Dec 20, 2016 05:08 AM EST

The world's biggest diamonds are by far the most prized and most valuable of gemstones. Coincidentally, these rare and large diamonds also hold valuable scientific data that could reveal detailed information about the earth, according to diamond geologist Even Smith.

Diamonds are scientifically valuable all because they come from a deep part of the earth where humans don't have access and also don't have much information about. Due to the rare size and quality of the diamonds, Smith is out to solve the mystery of where exactly these gemstones came from.

"You really couldn't ask for a better vessel to store something in. Diamond is the ultimate Tupperware," said Smith.

Of course, cracking open crown jewels isn't possible so Smith had to make do with eight fingernail-sized chunks of big diamonds. After grinding and cutting the diamonds open, Smith found that the stones contained bits of garnet and silicon content, which is an indicator that they had been formed under extreme pressure.

Traces of iron and nickel which was shrouded in fluid methane was also observed. But according to Smith, this was "unusual." Taking a look at 53 other diamonds, Smith found that 38 of these gemstones contained unusual materials.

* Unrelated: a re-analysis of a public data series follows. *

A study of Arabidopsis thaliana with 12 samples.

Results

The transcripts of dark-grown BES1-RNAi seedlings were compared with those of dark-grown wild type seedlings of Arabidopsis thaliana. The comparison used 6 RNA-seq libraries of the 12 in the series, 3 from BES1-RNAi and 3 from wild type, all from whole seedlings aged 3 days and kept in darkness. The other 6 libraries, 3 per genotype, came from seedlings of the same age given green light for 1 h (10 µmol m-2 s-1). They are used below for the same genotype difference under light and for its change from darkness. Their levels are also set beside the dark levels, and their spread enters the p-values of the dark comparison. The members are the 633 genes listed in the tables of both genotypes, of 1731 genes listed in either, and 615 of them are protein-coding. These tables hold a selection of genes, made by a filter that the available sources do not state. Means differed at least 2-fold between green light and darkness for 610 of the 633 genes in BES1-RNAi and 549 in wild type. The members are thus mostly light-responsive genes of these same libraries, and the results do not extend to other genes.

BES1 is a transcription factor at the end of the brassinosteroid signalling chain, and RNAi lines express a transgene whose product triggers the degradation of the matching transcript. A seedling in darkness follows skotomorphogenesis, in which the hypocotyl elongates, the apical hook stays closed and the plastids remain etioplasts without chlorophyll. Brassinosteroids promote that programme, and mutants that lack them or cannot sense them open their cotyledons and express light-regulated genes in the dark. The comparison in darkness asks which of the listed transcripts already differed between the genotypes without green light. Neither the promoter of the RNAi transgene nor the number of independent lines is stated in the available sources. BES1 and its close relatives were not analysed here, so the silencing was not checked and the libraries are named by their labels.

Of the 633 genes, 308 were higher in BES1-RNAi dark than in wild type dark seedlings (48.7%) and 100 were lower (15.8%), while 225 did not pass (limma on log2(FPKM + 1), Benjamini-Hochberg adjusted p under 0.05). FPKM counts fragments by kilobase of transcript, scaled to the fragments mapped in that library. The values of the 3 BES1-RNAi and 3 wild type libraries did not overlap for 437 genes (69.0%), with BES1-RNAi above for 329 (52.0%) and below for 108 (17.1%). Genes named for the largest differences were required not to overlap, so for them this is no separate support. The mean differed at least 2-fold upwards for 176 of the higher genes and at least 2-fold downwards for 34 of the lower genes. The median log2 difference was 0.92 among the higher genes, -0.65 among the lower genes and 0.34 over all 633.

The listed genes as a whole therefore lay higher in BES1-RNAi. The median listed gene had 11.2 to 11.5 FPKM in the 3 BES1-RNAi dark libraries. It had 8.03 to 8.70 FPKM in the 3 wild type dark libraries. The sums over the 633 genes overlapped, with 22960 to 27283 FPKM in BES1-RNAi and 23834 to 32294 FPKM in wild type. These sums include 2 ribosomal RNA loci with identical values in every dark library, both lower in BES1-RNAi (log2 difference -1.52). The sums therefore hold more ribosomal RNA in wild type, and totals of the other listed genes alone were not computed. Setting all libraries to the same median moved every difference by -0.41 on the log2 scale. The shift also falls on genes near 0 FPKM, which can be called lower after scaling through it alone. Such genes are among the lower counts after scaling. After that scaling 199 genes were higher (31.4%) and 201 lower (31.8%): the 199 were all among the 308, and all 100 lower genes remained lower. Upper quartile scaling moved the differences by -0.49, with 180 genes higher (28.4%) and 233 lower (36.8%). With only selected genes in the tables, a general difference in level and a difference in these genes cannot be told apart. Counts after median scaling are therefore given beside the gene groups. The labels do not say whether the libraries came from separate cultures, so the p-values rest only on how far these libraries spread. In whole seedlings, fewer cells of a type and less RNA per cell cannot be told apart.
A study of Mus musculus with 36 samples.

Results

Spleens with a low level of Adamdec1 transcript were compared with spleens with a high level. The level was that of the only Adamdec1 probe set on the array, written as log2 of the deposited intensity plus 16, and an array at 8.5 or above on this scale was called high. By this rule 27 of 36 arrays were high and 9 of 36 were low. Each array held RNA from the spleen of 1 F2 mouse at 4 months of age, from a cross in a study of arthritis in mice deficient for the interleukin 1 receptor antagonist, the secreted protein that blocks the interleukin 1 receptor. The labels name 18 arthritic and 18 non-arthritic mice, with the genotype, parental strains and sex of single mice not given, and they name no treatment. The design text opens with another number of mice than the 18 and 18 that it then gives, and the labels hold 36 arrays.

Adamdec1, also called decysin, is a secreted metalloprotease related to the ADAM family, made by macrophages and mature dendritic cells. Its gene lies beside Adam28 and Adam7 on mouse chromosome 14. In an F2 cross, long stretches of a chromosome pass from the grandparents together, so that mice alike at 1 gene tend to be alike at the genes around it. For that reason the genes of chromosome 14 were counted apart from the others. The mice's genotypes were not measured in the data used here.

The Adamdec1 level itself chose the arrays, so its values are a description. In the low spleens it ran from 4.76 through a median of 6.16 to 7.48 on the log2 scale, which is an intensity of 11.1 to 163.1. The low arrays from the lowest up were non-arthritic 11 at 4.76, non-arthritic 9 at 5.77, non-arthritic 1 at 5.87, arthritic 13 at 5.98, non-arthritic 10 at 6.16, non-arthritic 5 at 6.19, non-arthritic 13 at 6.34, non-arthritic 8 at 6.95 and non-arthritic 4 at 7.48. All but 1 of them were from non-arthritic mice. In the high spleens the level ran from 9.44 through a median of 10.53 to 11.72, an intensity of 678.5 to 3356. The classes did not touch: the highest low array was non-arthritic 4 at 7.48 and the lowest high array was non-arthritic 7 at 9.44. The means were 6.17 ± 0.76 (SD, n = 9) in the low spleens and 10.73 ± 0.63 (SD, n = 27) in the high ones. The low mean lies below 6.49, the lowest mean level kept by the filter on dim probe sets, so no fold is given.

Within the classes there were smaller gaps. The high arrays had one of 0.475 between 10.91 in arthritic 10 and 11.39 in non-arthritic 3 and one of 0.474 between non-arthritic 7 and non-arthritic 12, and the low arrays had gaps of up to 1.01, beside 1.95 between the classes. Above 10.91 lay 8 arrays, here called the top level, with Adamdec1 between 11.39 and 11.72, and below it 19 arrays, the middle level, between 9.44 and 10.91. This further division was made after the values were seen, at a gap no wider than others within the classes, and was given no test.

"One, they tell us that these large, exceptional quality diamonds originate from extreme depths in the Earth," explained Smith.

By extreme depths, Smith approximates it to 200 to 500 miles below the earth's surface. This is far as under one's feet as NASA's International Space Station is far above one's head.

Additional observation also showed that the diamonds had formed inside patches of liquid metal where oxygen wasn't present. This is hard evidence that the mantle of the Earth is not a uniform layer of oxygen-rich rocks.

"It further complicates things, but it makes us have to think more deeply about what's going on in the planet because ultimately this does affect what we see up on the surface," stated Kanani Lee, a mineral physicist at Yale University.

While the research still fails to provide information as to the extent of metal distribution in the earth's mantle, it has broad implications for helping scientists understand the behavior of the deep earth.